Solstice Sunshine in a Jar

Touch-and-heal, demon chaser, goatweed, Barbe de Saint-Jean, chasse diable, herbe a mille vertus, millepertuis, amber, St John's wort. These are some of the names given to hypericum perforata.

 St John's Wort infusion made with olive oil on the eve of the summer solstice. After four to six weeks in the warmth of the sunshine and the cool of the moonlight, it should turn a deep amber colour.

St John's Wort infusion made with olive oil on the eve of the summer solstice. After four to six weeks in the warmth of the sunshine and the cool of the moonlight, it should turn a deep amber colour.

This ragged, deep yellow flower has an endless list of properties and is used to help lift people out of melancholy and mild depression. It is soothing to the nervous system and is a very good remedy for anxiety and feelings of overwhelm.

Being a powerful antiviral agent, Hypericum is known to help prevent and heal outbreaks of Herpes simplex 1 and 2.

It is often used for helping with premenstrual tension and menopausal symptoms.

The olive oil infusion makes a wonderful massage oil. It is also used to treat grazes, burns, sprains, frozen shoulder, insect bites, sunburn and chapped lips. A balm can be made by emulsifying the infused olive oil with beeswax. More on this to come in a few weeks.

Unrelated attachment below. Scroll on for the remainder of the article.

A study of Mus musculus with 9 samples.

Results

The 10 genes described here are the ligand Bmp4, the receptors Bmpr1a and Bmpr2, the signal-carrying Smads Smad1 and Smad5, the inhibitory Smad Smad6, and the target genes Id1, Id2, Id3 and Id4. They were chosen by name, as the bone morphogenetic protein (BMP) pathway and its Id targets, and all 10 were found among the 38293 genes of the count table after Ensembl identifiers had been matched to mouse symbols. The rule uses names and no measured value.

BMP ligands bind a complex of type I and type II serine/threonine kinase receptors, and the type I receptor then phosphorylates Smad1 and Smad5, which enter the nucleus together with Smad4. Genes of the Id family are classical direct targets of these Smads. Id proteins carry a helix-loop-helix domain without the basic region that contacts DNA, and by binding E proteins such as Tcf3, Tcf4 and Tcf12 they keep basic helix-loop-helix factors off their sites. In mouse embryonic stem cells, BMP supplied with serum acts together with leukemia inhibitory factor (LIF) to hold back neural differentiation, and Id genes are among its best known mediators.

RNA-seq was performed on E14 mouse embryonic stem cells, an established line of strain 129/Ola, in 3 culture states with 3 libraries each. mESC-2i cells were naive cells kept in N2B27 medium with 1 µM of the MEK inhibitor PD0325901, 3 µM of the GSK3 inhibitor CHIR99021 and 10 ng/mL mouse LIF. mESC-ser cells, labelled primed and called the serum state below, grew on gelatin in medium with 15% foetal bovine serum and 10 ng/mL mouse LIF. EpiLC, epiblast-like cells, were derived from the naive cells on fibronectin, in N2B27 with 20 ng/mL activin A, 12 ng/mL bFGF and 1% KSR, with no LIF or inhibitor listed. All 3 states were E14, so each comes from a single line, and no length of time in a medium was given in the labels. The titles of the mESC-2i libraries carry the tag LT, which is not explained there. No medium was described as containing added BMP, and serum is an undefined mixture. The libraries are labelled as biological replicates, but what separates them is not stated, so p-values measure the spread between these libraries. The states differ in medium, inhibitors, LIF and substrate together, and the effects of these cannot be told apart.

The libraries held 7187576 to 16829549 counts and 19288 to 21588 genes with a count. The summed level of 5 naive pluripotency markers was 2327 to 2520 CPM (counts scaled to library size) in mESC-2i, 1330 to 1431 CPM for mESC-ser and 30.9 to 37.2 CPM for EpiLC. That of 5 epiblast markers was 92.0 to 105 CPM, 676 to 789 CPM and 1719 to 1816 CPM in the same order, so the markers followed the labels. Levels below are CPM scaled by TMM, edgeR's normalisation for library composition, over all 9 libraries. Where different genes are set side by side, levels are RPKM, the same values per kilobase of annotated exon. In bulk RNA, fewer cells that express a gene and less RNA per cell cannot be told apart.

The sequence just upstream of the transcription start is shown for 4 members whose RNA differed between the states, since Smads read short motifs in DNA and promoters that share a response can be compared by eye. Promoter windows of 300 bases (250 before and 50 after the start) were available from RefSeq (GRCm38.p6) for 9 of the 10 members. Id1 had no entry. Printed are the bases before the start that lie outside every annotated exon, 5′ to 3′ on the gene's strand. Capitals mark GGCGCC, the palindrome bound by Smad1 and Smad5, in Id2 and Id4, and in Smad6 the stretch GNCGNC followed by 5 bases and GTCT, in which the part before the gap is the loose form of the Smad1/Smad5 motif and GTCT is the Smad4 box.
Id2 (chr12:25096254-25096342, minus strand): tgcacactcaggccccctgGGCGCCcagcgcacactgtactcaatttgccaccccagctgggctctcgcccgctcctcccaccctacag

Hypericum's affinity with the sun is obvious. It's stamen look like sun rays. One of the main active ingredients, hypericin, is at its strongest when the plant is not fully in flower, when there are still some unopened buds on the plant. Traditionally, the time to pick it is in the days around the solstice or on the feast of its namesake, St John the Baptist, 24th June. That it helps lift the spirits, especially in the winter months makes sense.

It grows everywhere in the world other than in the desert, tropical lowlands and the polar regions, so very likely it grows near you. Once I spotted it and took an interest in the plant, it caught my eye wherever I went.

To make the oil infusion, pick the flowers, including a short section of stem and leaves. Leave some flowers to remain on the plant so that it can seed itself. Allow the flowers to dry in the sunshine for a few hours so that any insects can crawl out, and there is not too much moisture in them. Fill a clean jar with the blossoms, stalks, leaves and all, and cover with olive oil, making sure they are submerged, and leaving some head room. Place somewhere sunny, either outside or in a window, or failing that, somewhere warm. Leave for four to six weeks, checking the inside of the lids every now and again for condensation, which you can wipe off with some paper towel. 

Then, when it has turned amber, it is strained through a clean cloth. 

 Hypericum flowers drying out in the sunshine.

Hypericum flowers drying out in the sunshine.

Thank you to my old friend, Angus in Devon, for reminding me to look into Hypericum and thank you to Jacky for showing me the plant.